IT WAS AUGUST 1997 when Snow entered my family’s lives. We’d all left our separate houses to move to up to Sequim from California.
My parents, Robert and Deonne Hanson, sister Laraine Claire with her four children, Brianna (Breezy), Brooke, Wesley and Keaton, went to live on the 5-acre property with the “big house on the hill.”
Naturally, I went, too, champing at the bit, so to speak, for the opportunity to have my own horse again and to explore riding trails through forests and mountains.
First thing I did was to completely fence in the pasture for horses. Along the front of the property was a beautiful split-rail fence, four rows high and made of cedar. So I purchased more cedar rail to line the pasture up our 450-foot drive.
That was Mistake No. 1 because the rails were from new cedar and not old-growth cedar.
New cedar apparently holds water, whereas old growth is tighter so the rain doesn’t soak in as readily. Thus, less than 10 years later, I was replacing the fence.
With the fence done, my mother and I traveled to the horse auction in Yelm to see about getting a horse.
Naive? Yes, but I was determined to buy a horse before the summer was over.
At the auction, I fell in love with the pure-white Shetland pony, Snow, then 4. He was still in his stall, and the owner was holding her toddler on his back.
Snow was so calm and cute — perfect for the already horse-crazy little Brooke, then 5. We bought him on the spot for $400.
Then, an almost pure-black, 17-hand thoroughbred entered the auction arena with his owner, a woman about my age, riding him. Just 9 years old, he was stunning to look at, responsive and light on his feet.
Perfect, I thought, for my brother’s horse-loving daughter, Ashley. When she wasn’t visiting from California, he’d be mine to ride.
Not many people bid on him, so we got him for the surprisingly-low price of $600.
The owner said he’d previously been on the race track, and his name was Wiley Coyote. She was selling him because she didn’t have the time to ride him.
After purchasing the two animals, how were we going to get them from Yelm to Sequim? We’d driven a sedan and didn’t own a horse trailer.
The announcer asked if anyone was there from Sequim with a horse trailer. Fortunately, a good-looking cowboy with a dark-blue goose-neck trailer was taking an empty trailer back to Port Angeles. He was very kind and didn’t charge much, but I can’t recall his name, only that he “saved the day.”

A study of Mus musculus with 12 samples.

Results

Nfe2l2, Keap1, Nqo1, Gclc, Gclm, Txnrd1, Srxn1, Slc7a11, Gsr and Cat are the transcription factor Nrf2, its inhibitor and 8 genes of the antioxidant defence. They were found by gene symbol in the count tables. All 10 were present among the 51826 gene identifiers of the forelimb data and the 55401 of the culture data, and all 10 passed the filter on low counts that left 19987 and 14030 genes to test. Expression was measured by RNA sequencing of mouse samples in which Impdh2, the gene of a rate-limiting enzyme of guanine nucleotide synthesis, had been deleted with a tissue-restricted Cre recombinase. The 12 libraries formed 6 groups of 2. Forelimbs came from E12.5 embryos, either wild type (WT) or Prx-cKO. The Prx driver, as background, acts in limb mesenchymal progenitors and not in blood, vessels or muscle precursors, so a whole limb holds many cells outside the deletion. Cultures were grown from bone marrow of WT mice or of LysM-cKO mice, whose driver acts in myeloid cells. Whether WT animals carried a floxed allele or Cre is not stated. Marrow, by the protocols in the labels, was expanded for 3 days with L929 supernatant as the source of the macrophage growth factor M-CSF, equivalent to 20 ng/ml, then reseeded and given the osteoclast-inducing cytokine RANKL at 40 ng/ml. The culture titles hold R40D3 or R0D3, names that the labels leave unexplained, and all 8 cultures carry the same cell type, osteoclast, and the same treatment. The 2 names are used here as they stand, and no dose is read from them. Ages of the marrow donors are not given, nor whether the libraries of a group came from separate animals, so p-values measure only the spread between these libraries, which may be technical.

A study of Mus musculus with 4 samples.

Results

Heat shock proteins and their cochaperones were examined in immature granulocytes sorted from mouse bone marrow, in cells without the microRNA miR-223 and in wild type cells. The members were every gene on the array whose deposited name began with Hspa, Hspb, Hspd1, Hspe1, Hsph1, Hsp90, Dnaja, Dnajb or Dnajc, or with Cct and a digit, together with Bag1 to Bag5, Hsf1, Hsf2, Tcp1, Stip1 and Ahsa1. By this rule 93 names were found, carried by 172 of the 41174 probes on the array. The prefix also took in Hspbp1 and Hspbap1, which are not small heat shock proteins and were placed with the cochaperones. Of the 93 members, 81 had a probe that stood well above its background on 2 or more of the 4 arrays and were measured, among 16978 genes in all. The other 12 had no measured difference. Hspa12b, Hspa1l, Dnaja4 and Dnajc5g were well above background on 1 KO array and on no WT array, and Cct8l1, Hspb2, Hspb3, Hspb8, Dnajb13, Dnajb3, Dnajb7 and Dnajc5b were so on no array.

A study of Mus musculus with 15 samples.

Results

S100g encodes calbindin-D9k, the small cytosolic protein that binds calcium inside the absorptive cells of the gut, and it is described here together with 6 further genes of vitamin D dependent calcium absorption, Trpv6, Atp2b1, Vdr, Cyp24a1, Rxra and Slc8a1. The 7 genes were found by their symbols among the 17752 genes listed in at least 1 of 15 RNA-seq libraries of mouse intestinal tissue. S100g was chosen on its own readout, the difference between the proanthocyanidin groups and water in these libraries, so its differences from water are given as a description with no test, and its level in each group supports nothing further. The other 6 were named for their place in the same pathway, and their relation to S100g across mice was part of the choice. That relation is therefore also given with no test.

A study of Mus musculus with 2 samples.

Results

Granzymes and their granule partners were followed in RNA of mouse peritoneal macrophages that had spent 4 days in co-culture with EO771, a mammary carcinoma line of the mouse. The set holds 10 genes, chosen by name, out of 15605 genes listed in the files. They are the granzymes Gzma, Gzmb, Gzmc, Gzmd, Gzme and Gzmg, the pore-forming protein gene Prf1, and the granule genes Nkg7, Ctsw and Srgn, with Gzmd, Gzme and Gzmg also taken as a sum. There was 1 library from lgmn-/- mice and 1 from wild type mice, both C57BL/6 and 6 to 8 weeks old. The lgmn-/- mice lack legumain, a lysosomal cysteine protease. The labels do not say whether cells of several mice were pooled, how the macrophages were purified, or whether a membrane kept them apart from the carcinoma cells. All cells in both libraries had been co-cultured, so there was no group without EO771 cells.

We arrived home in the dead of night. When Coyote and Snow got out of the trailer and were placed into 3 acres of knee-high lush grass, they looked stunned, as if to say, “Are we really in paradise?”
For horses, yes!
Can you spot all the mistakes I’d made so far?
First: Fencing not suitable for horses unless it had “hot wire” or an electric fence to keep them from pushing against the wood.
Second: Going to a horse auction without having the knowledge needed to test and try a horse (or pony) to the point I knew they were kid-friendly and safe.
Third: Buying without the transportation to take them the 2½-hour drive to Sequim.
Fourth: Releasing horses new to a pasture, which may have had hazards, in the dark night and into a lush pasture they could have easily gotten laminitis (they didn’t).
The next morning, I put Brooke on a bareback Snow and led them around. He did wonderful.
I quickly purchased a pony bridle and saddle. At first, I still led them around. Snow was so calm I decided to let Brooke take a spin around the chain-link-fenced backyard.
That’s when Snow’s true personality came out.
My lack of foresight became apparent, and Snow earned the name Snowball Express.
In all ways, he is the perfect pony, except when he scoots out lightning-quick and leaves his innocent rider on the ground.
That’s how he earned his true name Snowball Express.
Just when I thought he was safe to ride, he’d do it again and again, even to much older and more experienced young riders.
Later, Snow became the fearless Wesley’s pony, proving himself a wonderful trail horse who could easily keep up with the long-strided Coyote.
Thankfully, 19 years later, Snow’s much calmer, but I’ll be leading Isaac, Brooke’s son, on him for a long time.
As for Coyote, he didn’t know to stand still for mounting, and turns out, he’d never been on a trail so had no idea how to walk a straight line.
He also had an old bowed tendon from his days on the track, but it healed over and so was never a problem.
I explored every inch of the Department of Natural Resources trails and beyond with the eager and willing Coyote, who turned out to be the best trail horse ever.
By the time Brooke was 9, she was barrel-racing on our seasoned horse, April, and we were up to three ponies and four horses for all my nieces, nephews and their friends to ride.
It was a wild, crazy and hectic time, and I loved every minute of it.
Karen Griffiths’ column, Peninsula Horseplay, appears every other Sunday.If you have a horse event, clinic or seminar you would like listed, please email Griffiths at email@example.com at least two weeks in advance. You can also write Griffiths at PDN, P.O. Box 1330, Port Angeles, WA 98362.